Building sustainability into the supply chain

Recently, I spent a week as an Advisor with Caplor Horizons helping to facilitate the Effective Humanitarian Leadership programme for the International Centre for Humanitarian Affairs in Kenya. 18 Red Cross Leaders from across East and West Africa came together for this programme which was a great success.

In addition to the leadership programme, Jonathon Thomas, Chief of Party, Solutions for African Food Enterprises at Technoserve had arranged a visit to Classic Foods a food processing company on the outskirts of Nairobi, which is run by Stella and her husband and employs around 40 staff.  They initially started up to process milk from the local small scale farmers, and then discovered that in some of the more remote areas, farmers were not able to produce consistent milk yields which was an issue.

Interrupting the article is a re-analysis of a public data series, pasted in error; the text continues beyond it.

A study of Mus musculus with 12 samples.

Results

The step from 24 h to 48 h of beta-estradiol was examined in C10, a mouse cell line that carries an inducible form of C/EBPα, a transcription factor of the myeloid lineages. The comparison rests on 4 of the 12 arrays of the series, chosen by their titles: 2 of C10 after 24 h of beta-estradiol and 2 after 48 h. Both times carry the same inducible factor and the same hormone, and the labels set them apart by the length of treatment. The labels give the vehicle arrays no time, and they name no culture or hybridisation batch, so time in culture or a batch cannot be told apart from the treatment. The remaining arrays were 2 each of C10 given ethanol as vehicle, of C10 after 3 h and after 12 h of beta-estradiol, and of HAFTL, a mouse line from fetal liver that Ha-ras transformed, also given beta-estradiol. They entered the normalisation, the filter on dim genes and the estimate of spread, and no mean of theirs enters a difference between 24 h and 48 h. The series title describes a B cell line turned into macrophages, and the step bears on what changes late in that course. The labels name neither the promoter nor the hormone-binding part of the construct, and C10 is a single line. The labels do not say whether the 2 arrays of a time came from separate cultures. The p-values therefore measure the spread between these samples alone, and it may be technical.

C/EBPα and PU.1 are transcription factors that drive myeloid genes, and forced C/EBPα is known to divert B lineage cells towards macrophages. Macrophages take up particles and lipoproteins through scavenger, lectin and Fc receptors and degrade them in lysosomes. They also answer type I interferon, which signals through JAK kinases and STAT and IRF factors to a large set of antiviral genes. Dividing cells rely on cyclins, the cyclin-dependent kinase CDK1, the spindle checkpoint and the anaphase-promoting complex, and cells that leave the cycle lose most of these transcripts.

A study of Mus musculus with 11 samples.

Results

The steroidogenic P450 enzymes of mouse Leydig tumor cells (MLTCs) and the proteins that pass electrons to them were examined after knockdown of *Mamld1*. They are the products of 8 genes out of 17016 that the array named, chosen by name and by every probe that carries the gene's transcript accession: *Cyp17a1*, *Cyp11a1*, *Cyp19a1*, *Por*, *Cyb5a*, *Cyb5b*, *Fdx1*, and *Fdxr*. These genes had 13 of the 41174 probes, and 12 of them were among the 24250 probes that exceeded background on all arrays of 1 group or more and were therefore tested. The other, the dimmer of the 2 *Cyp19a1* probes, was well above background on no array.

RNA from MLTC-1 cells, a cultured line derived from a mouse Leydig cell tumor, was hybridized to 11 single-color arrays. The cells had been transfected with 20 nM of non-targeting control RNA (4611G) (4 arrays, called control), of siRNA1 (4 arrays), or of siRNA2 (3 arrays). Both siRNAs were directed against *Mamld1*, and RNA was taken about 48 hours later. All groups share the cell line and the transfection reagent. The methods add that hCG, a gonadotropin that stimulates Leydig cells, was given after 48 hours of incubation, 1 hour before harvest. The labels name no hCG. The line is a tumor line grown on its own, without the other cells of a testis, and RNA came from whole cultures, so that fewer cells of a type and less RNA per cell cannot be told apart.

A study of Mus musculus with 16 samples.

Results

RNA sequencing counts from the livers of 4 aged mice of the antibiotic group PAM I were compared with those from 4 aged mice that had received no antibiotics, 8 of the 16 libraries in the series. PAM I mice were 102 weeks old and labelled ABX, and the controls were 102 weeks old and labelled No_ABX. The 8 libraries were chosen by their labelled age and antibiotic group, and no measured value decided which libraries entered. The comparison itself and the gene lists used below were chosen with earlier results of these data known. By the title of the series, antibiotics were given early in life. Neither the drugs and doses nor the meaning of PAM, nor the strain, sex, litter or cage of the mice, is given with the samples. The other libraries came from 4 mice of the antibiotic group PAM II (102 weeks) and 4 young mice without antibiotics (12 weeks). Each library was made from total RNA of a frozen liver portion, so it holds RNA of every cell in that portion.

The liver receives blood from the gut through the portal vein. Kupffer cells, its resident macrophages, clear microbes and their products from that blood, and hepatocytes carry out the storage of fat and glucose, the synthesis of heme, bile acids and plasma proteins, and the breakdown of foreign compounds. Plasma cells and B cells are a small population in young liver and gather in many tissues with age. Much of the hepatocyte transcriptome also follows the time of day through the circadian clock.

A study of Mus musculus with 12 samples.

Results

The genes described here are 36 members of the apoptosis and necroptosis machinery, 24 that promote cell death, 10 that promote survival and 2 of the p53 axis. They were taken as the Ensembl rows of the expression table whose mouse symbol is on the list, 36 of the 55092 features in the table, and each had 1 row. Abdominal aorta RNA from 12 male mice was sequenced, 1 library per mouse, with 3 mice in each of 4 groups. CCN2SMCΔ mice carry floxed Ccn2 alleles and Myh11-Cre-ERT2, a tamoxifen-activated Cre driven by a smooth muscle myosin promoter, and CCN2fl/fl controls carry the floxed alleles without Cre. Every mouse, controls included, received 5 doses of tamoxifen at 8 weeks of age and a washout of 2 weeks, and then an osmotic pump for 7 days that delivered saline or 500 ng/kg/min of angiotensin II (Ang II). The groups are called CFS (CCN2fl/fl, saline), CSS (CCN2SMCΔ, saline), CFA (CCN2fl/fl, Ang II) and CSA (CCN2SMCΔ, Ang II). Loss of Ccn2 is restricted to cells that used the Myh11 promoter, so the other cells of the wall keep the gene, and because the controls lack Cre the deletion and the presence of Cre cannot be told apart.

On top of that Classic Foods began to broaden their range of products to include yoghurt, and honey. Further development plans are also being considered in producing some fortified foods.  But its not been entirely plain sailing.  As with any small business, brand awareness takes time, as well as sourcing finance for new equipment and machinery. They have benefited from learning from food production experts that Technoserve have been able to introduce them to, as well as improving their quality by having external audits to ensure their systems and procedures are compliant with the relevant food standards.   It was a great example of observing entrepreneurial behaviour combined with a focus on sustainability and supporting their suppliers.